A former employee of the U.S. Department of Energy and U.S. Nuclear Regulatory Commission was busted in an FBI sting for allegedly attempting to set off a “spear fishing” cyber-attack to extract nuclear information from the agency for personal gain.
According to the indictment filed at the U.S. District Court for the District of Columbia on April 23 and unsealed Friday, Charles Harvey Eccleston, 62, hatched a scheme in April 2013 to unleash a virus through dozens of DOE email accounts. As a result, he allegedly believed the damage done to protected computers would allow foreign government access to “sensitive and confidential information from the DOE computers.”
Eccleston, who was reportedly fired from the NRC in 2010, met and communicated with someone he thought was a representative of a foreign government, in hopes of being paid for his role in causing the damage and obtaining the access to the U.S. documents, according to the government. However, the person he met with was actually an FBI agent.
It was unclear where the meetings took place.
Under the alleged plan, Eccleston would supply the email addresses and a ruse to convince his former colleagues to open a "poison" email, and the foreign government would ostensibly supply the link with a malicious code. If successful, the plot would have caused damage to ten or more protected computers over a one-year period, according to the indictment.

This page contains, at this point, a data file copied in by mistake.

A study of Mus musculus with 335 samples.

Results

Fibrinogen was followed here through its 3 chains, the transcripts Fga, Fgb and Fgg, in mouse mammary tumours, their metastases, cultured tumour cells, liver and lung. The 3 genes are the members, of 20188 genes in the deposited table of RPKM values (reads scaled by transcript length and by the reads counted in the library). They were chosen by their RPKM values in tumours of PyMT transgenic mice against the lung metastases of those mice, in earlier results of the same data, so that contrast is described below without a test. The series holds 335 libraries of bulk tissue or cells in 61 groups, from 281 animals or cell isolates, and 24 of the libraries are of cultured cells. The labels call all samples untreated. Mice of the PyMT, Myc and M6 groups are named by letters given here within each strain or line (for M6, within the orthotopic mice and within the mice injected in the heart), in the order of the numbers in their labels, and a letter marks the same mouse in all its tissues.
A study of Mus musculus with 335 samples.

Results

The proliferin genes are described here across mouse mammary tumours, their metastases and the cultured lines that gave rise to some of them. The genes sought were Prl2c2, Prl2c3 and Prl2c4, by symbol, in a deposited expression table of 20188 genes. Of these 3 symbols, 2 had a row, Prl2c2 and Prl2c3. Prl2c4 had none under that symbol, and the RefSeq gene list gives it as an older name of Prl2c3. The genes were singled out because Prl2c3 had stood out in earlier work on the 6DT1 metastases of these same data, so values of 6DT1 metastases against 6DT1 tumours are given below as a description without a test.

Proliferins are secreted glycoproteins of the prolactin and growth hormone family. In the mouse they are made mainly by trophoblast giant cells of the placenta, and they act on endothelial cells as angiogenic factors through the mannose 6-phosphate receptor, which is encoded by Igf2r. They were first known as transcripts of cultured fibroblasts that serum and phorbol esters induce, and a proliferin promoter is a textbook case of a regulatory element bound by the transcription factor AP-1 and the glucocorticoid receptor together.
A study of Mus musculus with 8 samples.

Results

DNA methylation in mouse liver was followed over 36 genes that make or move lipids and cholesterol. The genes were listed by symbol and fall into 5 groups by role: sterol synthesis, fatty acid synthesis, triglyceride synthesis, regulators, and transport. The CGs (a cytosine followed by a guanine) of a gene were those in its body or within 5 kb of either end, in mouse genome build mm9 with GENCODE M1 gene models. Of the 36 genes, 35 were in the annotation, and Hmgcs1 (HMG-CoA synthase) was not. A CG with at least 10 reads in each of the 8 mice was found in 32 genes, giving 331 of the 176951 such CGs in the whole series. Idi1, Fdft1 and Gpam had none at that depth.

The scheme is otherwise known as a “spear-phishing attack” – or compelling someone to open an email that appears to be from a trusted source, but when opened unleashes a virus on the recipient’s computer.
The FBI agent patiently collected numerous email addresses from Eccleston and communiques about the alleged plot. Then he gave Eccleston a phony virus. Eccleston attempted to pull the trigger on January 1, 2015, by sending emails to some 80 addresses, according to the charges. He was detained by authorities on March 27 in the Philippines, where he had been living since 2011, and deported back to the U.S. to face the criminal charges. The FBI said no computers were harmed.
He faces charges of attempted unauthorized access and intentional damage to a protected computer, unauthorized access to a protected computer to obtain information, attempted access to a protected computer to defraud and obtain value, and wire fraud. All are felonies and Eccleston will remain in custody until a May 20 hearing.
“This former federal employee is charged with trying to launch a cyber-attack to steal sensitive information from the Department of Energy,” said Acting U.S. Attorney Vincent H. Cohen Jr. “Thanks to an innovative operation by the FBI, no malicious code was actually transmitted to government computers. This prosecution demonstrates federal law enforcement’s vigorous efforts to neutralize cyber threats that put consumers, our economy, and our national security at risk.”